Sometimes grins are hard to come by

In recent weeks, my grins have been in short supply because my mother — who had a better record than trial lawyers of proving doctors wrong — could not pull off her survival miracle one last time. Four years ago, she required three liters of oxygen and was sent home under hospice care; within weeks she was free of both. This time, however, she went down fighting, clear of mind and talking, leaving life in mid-sentence.

But, even though losing her brought us the darkest days of our lives, my newly orphaned sisters and I managed a few grins even though tears were never far behind. While it may seem weird to some — if you’re one of them, you’d better stop reading — others may understand that finding humor in tragedy is the way some people cope.

For decades, Mom has slept with her eyes partly open. And, yes, a number of times when I found her sleeping that way, I was afraid she had died. On one occasion, I left her house key at my home in the country, couldn’t make her hear the doorbell or my kicking the side of her house by her bedroom, drove all the way home to get her key, drove back in a panic, let myself in and found her lying in bed with her mouth and eyes slightly open. When I finally got up nerve enough to touch her, she awakened … and I went into the bathroom and bawled like a baby for a good 15 minutes. That is why, as my niece Kym and I viewed Mom at the mortuary and Kym remarked that Mom looked like she was asleep, I said, “No, if she looked like she was asleep, her eyes would be open.”

I’m fairly certain that the Henry clan has an Egyptian lurking in our genealogical background because if future archeologists unearth the plunder that accompanied Mom on her celestial journey, they will hit a jackpot of curious treasure. There are family photos and notes, a small silver frame containing two pictures of Dad, a Jayhawk basketball pin, the red-plaid blanket that my husband Ray wrapped around her legs on a hundred drives to the country and three essentials — a packet of salt, a toothpick and Kleenex — that accompanied Mom everywhere she went. Let’s just say that Mom is prepared for any eventuality.

Although I felt a little foolish, I related the story of Mom’s little stash to my friend Erv. He, in turn, said that when his 40-year-old niece died, her children sent her on her final journey with a can of Coke, an Elvis Presley record, a backscratcher and Grandma’s quilt. If Erv’s niece and Mom meet in the afterlife, I hope they link up with someone who was sent off with french fries. I’m sure a family has done that because although the phrase “you can’t take it with you” is trite, a lot of us apparently are doing our best to send with our loved ones whatever “it” was to them.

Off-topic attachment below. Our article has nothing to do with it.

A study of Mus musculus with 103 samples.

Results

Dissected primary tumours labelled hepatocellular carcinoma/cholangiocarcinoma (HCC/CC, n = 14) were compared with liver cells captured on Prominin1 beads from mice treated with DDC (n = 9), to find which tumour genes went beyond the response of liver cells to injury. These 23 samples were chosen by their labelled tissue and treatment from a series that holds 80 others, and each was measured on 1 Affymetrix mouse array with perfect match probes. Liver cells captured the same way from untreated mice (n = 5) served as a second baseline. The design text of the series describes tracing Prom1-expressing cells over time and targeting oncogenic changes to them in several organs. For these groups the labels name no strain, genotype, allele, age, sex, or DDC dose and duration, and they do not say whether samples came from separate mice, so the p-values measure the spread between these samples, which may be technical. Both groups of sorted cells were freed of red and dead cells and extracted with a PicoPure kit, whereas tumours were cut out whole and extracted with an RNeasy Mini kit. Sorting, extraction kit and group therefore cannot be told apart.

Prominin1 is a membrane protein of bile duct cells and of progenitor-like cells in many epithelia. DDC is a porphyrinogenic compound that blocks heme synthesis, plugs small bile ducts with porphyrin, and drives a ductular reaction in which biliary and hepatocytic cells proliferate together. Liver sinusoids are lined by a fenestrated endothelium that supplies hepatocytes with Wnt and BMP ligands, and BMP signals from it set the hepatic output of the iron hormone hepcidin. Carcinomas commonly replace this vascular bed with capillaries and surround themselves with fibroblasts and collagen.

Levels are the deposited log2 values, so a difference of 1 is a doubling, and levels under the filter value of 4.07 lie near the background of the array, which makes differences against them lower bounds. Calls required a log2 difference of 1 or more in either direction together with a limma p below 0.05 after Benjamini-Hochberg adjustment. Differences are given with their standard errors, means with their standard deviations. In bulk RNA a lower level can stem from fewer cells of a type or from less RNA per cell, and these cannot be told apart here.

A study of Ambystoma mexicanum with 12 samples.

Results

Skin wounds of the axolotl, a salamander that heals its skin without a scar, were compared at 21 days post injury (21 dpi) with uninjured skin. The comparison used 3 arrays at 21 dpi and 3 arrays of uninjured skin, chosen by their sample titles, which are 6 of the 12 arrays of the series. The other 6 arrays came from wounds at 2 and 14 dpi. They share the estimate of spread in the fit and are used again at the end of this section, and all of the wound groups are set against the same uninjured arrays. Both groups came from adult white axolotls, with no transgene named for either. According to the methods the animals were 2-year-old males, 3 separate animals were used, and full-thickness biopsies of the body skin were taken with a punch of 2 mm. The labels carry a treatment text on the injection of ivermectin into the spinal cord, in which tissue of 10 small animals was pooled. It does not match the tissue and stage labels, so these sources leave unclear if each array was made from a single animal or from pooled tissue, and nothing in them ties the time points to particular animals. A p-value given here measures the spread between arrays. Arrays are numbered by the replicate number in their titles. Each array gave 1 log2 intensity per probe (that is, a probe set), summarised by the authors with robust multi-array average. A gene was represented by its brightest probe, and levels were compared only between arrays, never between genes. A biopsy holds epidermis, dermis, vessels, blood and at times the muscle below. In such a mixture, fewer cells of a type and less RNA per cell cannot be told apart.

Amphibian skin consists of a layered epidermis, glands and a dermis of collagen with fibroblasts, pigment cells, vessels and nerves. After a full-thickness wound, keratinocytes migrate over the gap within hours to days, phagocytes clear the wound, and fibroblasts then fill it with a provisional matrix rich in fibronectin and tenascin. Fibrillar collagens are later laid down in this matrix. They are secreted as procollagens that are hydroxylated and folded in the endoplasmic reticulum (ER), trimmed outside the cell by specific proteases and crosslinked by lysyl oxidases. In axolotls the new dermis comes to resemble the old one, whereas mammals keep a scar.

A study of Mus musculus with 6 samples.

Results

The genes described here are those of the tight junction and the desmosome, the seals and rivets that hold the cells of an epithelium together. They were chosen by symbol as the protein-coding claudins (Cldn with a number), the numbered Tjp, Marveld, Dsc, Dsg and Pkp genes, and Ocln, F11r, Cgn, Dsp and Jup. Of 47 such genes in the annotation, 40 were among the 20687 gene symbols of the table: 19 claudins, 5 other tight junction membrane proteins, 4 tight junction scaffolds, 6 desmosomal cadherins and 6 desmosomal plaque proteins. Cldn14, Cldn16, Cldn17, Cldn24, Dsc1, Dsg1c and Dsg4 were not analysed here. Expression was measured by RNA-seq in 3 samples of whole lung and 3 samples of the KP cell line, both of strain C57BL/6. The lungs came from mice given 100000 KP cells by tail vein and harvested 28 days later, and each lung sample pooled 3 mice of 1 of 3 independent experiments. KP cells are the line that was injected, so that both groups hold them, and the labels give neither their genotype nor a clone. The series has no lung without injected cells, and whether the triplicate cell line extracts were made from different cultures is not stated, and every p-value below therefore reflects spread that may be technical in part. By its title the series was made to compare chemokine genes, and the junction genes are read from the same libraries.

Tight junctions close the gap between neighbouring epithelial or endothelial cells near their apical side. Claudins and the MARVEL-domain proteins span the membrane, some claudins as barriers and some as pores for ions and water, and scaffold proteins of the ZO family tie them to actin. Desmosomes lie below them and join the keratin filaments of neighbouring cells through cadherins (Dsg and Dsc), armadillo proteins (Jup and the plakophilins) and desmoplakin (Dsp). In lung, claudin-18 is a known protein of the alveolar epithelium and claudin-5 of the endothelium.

My sense of humor, admittedly perverted at times, comes from my parents. I hope it continues to serve me as well as my Mother’s served her because she never lost the ability to see the funny side of life even though she had ample cause to look on the dark side. Beginning in her early ’50s, Mom suffered from an undiagnosed and slowly progressing weakness of the right side of her body. Not even Menninger’s neurologists could identify or cure the problem. Still, Mom stayed in her home — it boggles the mind that she and Dad managed to rear four daughters in that one-bathroom house — and met life on her terms. If Mom wanted to get up in the middle of the night and use her computer to play solitaire and e-mail friends and relatives, she did so.

In recent years, Mom has needed assistance from me that I once needed of her. I must say, however, that she handled the role of caregiver much better than I did. We didn’t slip easily into our new relationship. It was difficult for Mom — once a superb athlete — to require help, and I am an impatient person, easily frustrated when I can’t “fix” something.

In the days before her death, Mom told me she always loved me even though I could be a huge pain in the neck. In return, I told her that any frustration she saw on my part was because I couldn’t do the only things that would have made a difference; I couldn’t make her walk and I couldn’t make her well.

Mom waited three years for her World War II Ranger husband to return from combat; he waited 31 years for her to join him. It is comforting to believe she is now walking with him through Heaven’s gates. But, oh, how I will miss her!